On January 18, 2017, the Court of Appeals for the Federal Circuit affirmed the decision by the United States District Court for the Northern District of Illinois that two patents related to electronic stock trading contain patent eligible subject matter. These patents are owned by Trading Technologies International, Inc. and are directed toward reducing the time it takes for a trader to place an electronic trade. Specifically, the patents solve a problem where a trader attempts to enter a trade at a particular price, but they miss that price because the market had changed before the trade was entered and executed.
This holding is another guide post in a patent litigator’s understanding of the 2014 Supreme Court holding in Alice Corporation Pty. Ltd. v. CLS Bank International which turned patent-eligibility for software and business method patents upside-down. If you are unsure of the significance of Alice, the Court set out the framework for the patent-eligibility of patents that effected the validity of an enormous number of patents, overnight. The two-part test set out in Alice states that, a claim falls outside § 101 where (1) it is “directed to” a patent-ineligible concept, i.e., a law of nature, natural phenomenon, or abstract idea, and (2), if so, the particular elements of the claim, considered “both individually and ‘as an ordered combination,’” do not add enough to “‘transform the nature of the claim’ into a patent-eligible application.”
In the present case, the Court reviewed the two patents in view of the two-part Alice test. In holding the patents valid, the Court agreed with the District Court in stating that the patents “solve problems of prior graphical user interface devices…in the context of computerized trading  relating to speed, accuracy and usability.” This improvement “recite[s] more than setting, displaying, and selecting data or information that is visible on the [graphical user interface] device.” For these reasons the Court concluded the subject matter of the patents were not abstract and therefore patent eligible under Step one of Alice.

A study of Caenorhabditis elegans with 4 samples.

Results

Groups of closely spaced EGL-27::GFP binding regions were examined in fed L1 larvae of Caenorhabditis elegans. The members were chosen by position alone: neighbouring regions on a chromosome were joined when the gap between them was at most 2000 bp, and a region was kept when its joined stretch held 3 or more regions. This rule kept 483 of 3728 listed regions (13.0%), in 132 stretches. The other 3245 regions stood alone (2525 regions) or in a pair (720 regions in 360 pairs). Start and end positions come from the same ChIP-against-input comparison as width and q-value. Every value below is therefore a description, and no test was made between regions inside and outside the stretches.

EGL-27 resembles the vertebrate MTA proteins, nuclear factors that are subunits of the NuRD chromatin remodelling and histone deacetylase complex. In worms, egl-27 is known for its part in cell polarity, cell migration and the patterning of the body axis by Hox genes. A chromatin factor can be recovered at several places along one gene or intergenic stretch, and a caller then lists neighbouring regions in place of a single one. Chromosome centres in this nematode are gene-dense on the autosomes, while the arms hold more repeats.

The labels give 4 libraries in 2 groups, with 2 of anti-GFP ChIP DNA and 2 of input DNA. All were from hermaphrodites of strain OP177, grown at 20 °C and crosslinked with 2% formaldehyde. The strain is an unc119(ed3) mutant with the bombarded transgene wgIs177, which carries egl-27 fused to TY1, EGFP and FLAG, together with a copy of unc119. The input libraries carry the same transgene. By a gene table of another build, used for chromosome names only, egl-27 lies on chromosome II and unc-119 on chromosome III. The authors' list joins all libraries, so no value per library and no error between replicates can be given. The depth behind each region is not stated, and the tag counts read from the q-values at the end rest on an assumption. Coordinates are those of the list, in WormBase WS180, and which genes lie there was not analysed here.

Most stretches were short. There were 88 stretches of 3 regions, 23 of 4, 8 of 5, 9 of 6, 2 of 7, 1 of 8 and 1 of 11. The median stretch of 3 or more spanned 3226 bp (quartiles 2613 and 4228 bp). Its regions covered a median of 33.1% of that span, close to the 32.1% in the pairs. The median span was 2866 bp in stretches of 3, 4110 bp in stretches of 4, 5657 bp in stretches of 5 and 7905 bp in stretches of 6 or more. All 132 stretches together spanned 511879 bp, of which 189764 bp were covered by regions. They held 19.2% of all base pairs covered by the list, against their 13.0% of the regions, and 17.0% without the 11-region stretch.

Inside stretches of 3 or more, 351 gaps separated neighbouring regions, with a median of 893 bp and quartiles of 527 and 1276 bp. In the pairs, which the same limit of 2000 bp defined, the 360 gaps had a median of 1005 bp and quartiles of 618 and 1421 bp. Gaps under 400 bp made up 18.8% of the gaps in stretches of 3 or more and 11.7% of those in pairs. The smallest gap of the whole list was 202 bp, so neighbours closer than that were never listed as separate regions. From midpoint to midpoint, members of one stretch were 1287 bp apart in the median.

Next, the Court looked to the improvement in a trader’s efficiency and accuracy in placing trades using the electronic trading system which, the Court stated, distinguishes “the routine or conventional use of computers or the Internet.” The Court pointed to the “specific structure and concordant functionality of the graphical user interface” as reasons the system is removed from being an abstract idea. According to the Court, this improvement in efficiency and accuracy on the part of the trader are the “inventive concept” necessary to meet Step 2 of Alice. Thus, the Court held Trading Technologies International, Inc.’s patents were valid.
This decision provides further guidance and additional examples that can help guide patent litigators to a better understanding of the elements necessary to have patent-eligible subject matter within various software and business method patents.